ST. PAUL--Minnesota deputy sheriffs are back home after aiding North Dakota law enforcement officials at an oil pipeline protest. While Minnesota Lt. Gov. Tina Smith said on Facebook that she opposed sending Minnesota officers to North Dakota, wh...


While Minnesota Lt. Gov. Tina Smith said on Facebook that she opposed sending Minnesota officers to North Dakota, where American Indian and other protesters have objected to building a new pipeline for months, Gov. Mark Dayton said he has no problem with it.

"I do not object," Dayton said Tuesday, Nov. 1, 2016, when asked by Forum News Service.

Dayton said all governors have signed a compact to send law enforcement officers to other states to help in an emergency. North Dakota officials have declared the protest an emergency and asked Minnesota for help.

"They went and they served that purpose," Dayton said. "I commend them putting their lives and well being on the line. It sounds like they conducted themselves very professionally."


Hennepin County sent 29 personnel, Anoka County six and Washington County five. The Minnesota Public Safety Department reports their mission began Oct. 23.

Video from Morton County, N.D., shows what was described as Hennepin County deputies on the front line of Thursday's clashes with protesters, using batons and pepper spray.

Smith said she has no control over sheriffs' actions, but she thinks it is wrong to send them to North Dakota.

"I strongly support the rights of all people to peacefully protest," she wrote on Facebook about the coalition of protesters at the Dakota Access Pipeline resistance camp.

Hundreds of people protested in Minneapolis last week after they discovered that Sheriff Rich Stanek sent deputies to North Dakota.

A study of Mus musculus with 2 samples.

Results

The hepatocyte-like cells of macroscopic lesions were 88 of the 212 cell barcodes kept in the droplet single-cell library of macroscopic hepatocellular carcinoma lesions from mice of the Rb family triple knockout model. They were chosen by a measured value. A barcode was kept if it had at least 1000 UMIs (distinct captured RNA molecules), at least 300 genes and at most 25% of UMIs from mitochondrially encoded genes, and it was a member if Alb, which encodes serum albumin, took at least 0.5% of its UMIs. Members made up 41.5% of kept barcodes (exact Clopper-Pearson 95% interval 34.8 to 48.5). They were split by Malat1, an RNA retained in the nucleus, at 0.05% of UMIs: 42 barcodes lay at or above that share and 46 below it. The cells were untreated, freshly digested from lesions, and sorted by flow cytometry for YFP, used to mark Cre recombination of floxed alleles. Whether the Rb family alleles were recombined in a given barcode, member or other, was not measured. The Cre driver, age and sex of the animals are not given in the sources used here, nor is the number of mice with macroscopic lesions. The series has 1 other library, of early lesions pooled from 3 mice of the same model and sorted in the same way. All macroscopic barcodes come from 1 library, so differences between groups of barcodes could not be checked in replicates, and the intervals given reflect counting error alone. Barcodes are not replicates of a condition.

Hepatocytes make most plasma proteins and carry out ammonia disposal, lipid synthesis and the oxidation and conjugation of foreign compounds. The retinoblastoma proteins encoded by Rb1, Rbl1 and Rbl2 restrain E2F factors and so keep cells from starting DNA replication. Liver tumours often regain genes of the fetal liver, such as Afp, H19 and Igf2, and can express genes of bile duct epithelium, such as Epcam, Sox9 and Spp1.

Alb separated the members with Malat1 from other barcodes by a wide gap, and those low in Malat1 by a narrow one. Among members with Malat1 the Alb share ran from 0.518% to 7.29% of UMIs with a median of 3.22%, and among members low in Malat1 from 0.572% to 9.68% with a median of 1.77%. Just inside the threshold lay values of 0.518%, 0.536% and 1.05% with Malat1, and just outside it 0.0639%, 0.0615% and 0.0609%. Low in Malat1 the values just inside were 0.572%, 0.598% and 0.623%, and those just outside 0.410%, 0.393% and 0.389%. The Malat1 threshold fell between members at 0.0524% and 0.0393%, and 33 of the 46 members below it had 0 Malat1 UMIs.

Several Democratic legislators met with Hennepin County Sheriff Rich Stanek, a Republican, on Monday.

"Reports as to the level of force utilized by law enforcement personnel at this protest are extremely troubling, and my colleagues and I have many questions about the Hennepin County sheriff's involvement in this activity," Rep. Karen Clark, D-Minneapolis, said.


"Law enforcement is not taking sides on this issue," Stanek said. "Our decision to help Morton County was operational, not political. We were there to assist maintaining public safety, preserving the peace and protecting the constitutional rights of all parties involved."

Added Washington County Sheriff William Hutton" "When it comes to public safety, we received a call for help, and we responded to it."

The coalition of Minnesota protesters, known as Minnesota Interfaith Power and Light, plans to continue protesting how law enforcement officers are treating North Dakota protesters. They will gather in Minneapolis at noon Thursday to sing, pray and hear poems from several faith traditions before delivering letters to Stanek.

Even though his deputies are back home, the group announced Tuesday that it will deliver letters to Stanek "asking him to take responsibility for his action in deploying deputies and equipment to North Dakota and a guarantee that he will not send them again."